In August, Colombian President Manuel Santos and Timochenko, leader of the Revolutionary Armed Forces of Colombia (FARC), signed a peace accord.
The agreement that had taken four years to negotiate would begin the voluntary disarmament of FARC guerillas by UN forces. On 2 October, voters in the referendum rejected the accord by a margin of 0.4% on a 30% turnout. The result was a shock to peace accord supporters. Santos and the FARC leaders have promised to honour the ceasefire to the end of the year, and to return to negotiations. The FARC twitter feed names companies who funded the “no” campaign as war profiteers and accuses the right of forcing the closure of FARC’s English-language website to silence them during the referendum campaign.
The leader of the “no” campaign is Santos’ predecessor Álvaro Uribe, the neo-liberal president who attempted to change the Colombian constitution to enable him to stand for a third term. His administration was responsible for strengthening the military to tackle both AUC drug-cartel paramilitary groups and peasant militias that critically weakened FARC forces, and is partially responsible for bringing the guerillas to the negotiation table.
Uribe also demobilised many of the AUC paramilitaries; armed groups funded by drug cartels and agriculturalists defending themselves from FARC attacks and kidnappings. The peasant militias were pushing back against attempts to encroach on their territory, the jungle and mountainous areas ideal for cultivating opium poppies and coca. However although key figures of the AUC were disarmed and jailed, many militants signed up to government militias and killed indiscriminately, dressing the bodies up as FARC guerillas.
The false guerilla executions, known as “false positives”, were used to bulk up government statistics; many trade union leaders were extra-judicially executed in this way. The Justice for Colombia Campaign British NGO, funded by the British labour movement, claims that Colombia is the most dangerous state in the world for trade unionists, with 2,500 recorded deaths in the last 20 years.
FARC have responded in kind by executing civilians suspected of collaboration with paramilitaries. They have also executed indigenous leaders hostile to guerilla presence on their land. To fund themselves, FARC have relied on voluntary or forced taxation of the peasants in outlying regions alongside ransom money from kidnappings. Human rights campaigners also accuse FARC of recruiting child soldiers and sexual abuse.
Despite the violence and oppression, it is those regions where the conflict is at its worst that voted strongly to accept the peace accord. Those most affected by violence seem most anxious to end it.
In the regions where FARC has its support-base, guerilla groups stand in for a lack of government infrastructure and voters may be less perturbed at seeing FARC take seats in parliament. As part of the peace accord FARC would have been offered seats in legislature and senate, and permitted to become a political party. Disarmed rebels were to be given an allowance for a number of years to assist with reintegration into civilian life, as well as security to protect them against recriminations.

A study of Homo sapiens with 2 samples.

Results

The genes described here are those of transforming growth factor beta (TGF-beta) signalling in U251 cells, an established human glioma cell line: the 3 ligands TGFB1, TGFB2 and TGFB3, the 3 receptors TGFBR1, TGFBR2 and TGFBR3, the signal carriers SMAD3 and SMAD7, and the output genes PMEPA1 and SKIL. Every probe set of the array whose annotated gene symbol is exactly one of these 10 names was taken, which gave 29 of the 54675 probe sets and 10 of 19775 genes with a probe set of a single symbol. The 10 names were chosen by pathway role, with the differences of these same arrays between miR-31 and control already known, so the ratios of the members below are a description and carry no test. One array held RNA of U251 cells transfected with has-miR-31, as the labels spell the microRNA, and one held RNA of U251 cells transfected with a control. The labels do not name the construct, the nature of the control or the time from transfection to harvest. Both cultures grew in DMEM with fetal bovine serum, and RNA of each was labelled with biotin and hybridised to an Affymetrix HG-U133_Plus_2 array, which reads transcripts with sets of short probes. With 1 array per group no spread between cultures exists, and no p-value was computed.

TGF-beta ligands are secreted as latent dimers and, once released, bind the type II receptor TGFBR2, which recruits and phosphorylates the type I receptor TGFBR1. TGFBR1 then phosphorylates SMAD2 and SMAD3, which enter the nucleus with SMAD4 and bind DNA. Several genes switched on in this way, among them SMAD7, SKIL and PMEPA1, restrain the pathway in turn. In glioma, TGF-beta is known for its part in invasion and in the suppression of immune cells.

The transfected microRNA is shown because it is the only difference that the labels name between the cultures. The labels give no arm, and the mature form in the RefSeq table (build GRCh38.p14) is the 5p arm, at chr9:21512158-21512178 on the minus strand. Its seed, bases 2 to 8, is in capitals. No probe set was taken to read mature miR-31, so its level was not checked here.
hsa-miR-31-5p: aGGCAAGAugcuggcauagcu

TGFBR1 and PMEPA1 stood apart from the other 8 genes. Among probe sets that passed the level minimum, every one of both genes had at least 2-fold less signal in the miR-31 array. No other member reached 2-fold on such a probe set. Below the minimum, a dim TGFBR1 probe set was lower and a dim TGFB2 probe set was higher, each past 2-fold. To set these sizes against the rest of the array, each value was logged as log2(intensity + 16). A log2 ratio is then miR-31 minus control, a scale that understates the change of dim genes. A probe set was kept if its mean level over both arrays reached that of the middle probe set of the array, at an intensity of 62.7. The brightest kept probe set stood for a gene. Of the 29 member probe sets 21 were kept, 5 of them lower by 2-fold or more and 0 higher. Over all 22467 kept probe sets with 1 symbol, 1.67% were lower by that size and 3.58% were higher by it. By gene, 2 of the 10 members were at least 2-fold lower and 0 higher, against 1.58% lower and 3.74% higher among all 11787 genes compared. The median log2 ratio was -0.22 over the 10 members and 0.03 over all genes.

FARC leaders responsible for atrocities would be required to declare them in special tribunals and pay community service — but serve no prison sentences. Then there is the huge task of building infrastructure, providing welfare and education to those 30 regions previously provided for by peasant militias. To recover from the war, it is necessary for the government to invest heavily in its poorest rural communities, and the right are fighting this hard.
The “no” campaign described the accord as “peace over justice” and its supporters want to see FARC combatants jailed, not taking seats in parliament. The peace ceremonies have placed Timochenko and Santos centre stage, and some in the “no” camp didn’t want to cast a vote that could be interpreted as support for Santos.
“No” votes were cast in traditionally conservative areas such as Uribe’s city stronghold Medellin,home to the largest drug cartel families and their beneficiaries. Conservatives have also objected to the peace accord’s focus on the impact of the war on women and LGBT Colombians, which evangelical Christians have called a “gender ideology”. There were 110 homophobic killings in Colombia in 2015, with attacks and threats to LGBT people coming from the public and the police.
The low turnout in the referendum could be due to a number of factors; a hurricane prevented many Colombians in outlying regions from accessing ballot boxes, but the voting deadline was not extended. Peasant militias also have a history of boycotting parliamentary elections to avoid giving legitimacy to a heavily corrupt government system. This stands to reason; the left launched an electoral challenge in 1991 through the UP (Patriotic Union) and its legislative candidates and supporters were assassinated.
The peace accord in its current form now cannot legally be carried out, but both sides have announced that the amnesty will hold until the end of 2016. The government has also announced peace talks with Colombia’s second largest guerilla group, the ELN (National Liberation Army). “The March of the Flowers” mass protests have taken place in the capital Bogotá, organised by the National Indigenous Organisation (ONIC) calling for the peace accord to be enacted. If these protests continue to grow, perhaps the decision can be overturned or a second referendum held.